It's been a month and a week since I last wrote a blog post. I would like credit for the several times I've sat down, opened the laptop, logged in, and drummed my fingers on the keyboard, however.
What have I done in the meantime? Altered my path two-plus times to avoid bobbing and weaving hurricanes. Spent most of a week working on deadlines in a hotel room in the Blue Ridge (which the window indicated were lovely). Wandered battlefields in Virginia with one of my closest pals. Spent most of another week working and exuding vast quantities of viral fluids in a hotel room just beyond the Beltway. Blew my nose for several more days at a friend's home outside Philadelphia. Visited my old haunts to catch up with clients, friends, and medical folks. And now I'm in the blazing leafy beauty of coastal New England, working some more and visiting with family.
Of course, most of my time in the latter half of the trip has been devoted to debating what comes next. Everything I own, with the exception of what I've carried in my car these last few months, remains in storage. I remain entirely in limbo. And my two most desirable locations are the middle of New Mexico and the seacoast of New Hampshire/Maine.
Considerations include client diversity, cash flow, cost of living (and availability of rentals to the self-employed), tax ramifications, ease of travel, book contacts for research and acquisition, outdoor fun availability ... and, let's be honest, the desire to keep exploring. Welcome to the place where freelance life and writing life collide!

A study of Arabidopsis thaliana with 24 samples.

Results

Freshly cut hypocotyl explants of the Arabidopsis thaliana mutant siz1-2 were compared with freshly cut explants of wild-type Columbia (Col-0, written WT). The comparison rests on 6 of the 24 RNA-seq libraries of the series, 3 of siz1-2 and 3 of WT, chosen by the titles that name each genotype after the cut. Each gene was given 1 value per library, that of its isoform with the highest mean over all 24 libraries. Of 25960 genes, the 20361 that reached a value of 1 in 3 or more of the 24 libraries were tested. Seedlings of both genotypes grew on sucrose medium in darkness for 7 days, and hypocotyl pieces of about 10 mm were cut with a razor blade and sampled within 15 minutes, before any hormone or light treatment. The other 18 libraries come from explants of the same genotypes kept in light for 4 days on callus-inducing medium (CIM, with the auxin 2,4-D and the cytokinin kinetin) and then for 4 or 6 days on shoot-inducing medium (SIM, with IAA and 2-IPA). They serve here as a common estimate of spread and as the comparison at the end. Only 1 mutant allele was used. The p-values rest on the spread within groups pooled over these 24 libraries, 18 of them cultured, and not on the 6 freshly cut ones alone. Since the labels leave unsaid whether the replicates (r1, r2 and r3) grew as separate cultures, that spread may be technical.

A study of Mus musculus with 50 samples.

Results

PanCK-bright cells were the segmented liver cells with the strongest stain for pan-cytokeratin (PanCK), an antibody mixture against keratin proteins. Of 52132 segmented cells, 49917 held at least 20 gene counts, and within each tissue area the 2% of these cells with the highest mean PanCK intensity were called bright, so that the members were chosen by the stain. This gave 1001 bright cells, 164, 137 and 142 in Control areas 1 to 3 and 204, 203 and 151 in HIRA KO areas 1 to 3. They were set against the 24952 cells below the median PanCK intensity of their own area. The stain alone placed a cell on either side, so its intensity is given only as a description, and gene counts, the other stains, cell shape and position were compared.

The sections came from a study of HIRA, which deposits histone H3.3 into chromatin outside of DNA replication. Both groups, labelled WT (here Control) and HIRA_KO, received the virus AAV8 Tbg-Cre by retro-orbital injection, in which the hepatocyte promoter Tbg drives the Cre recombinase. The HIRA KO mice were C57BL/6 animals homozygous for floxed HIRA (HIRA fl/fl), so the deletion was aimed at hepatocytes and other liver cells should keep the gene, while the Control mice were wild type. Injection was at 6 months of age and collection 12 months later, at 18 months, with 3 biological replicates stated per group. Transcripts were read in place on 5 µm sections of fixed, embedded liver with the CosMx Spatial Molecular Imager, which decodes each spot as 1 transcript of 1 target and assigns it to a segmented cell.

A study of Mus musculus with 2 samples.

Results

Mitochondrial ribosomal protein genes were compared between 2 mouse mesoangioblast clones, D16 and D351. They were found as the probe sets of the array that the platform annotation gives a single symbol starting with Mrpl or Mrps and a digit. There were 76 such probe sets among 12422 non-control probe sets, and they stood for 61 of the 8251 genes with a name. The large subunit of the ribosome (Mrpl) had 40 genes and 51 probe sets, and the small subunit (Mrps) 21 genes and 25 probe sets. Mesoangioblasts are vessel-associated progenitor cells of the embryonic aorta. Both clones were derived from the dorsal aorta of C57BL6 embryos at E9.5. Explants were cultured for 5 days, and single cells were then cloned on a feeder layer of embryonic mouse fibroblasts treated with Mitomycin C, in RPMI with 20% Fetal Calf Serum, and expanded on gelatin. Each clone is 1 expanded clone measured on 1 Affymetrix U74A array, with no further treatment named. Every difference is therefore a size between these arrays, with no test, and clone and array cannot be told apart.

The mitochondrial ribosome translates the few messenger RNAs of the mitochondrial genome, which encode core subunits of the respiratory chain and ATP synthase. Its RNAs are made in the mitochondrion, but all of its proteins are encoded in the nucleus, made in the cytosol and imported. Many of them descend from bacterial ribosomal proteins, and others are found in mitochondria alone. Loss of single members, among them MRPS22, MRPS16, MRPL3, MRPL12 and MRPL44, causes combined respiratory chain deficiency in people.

At the moment, I'm seriously considering finding furnished lodgings back in my old neighborhood for the winter. My responsible streak is showing, I know. That plan would allow me to avoid a temporary change in business arrangements and buy me a little time to offload more furnishings, identify a place to live, make moving plans, approach more diversified clients, and move the book forward significantly.
For the long-term, though, returning to my long-time neighborhood is not on the table. I've done my best these last years to shake off the predictability and general malaise; I certainly don't want to wrap them around me again like a heavy sleeping bag.
So, what's next? To quote Winnie the Pooh: "Think, think, think."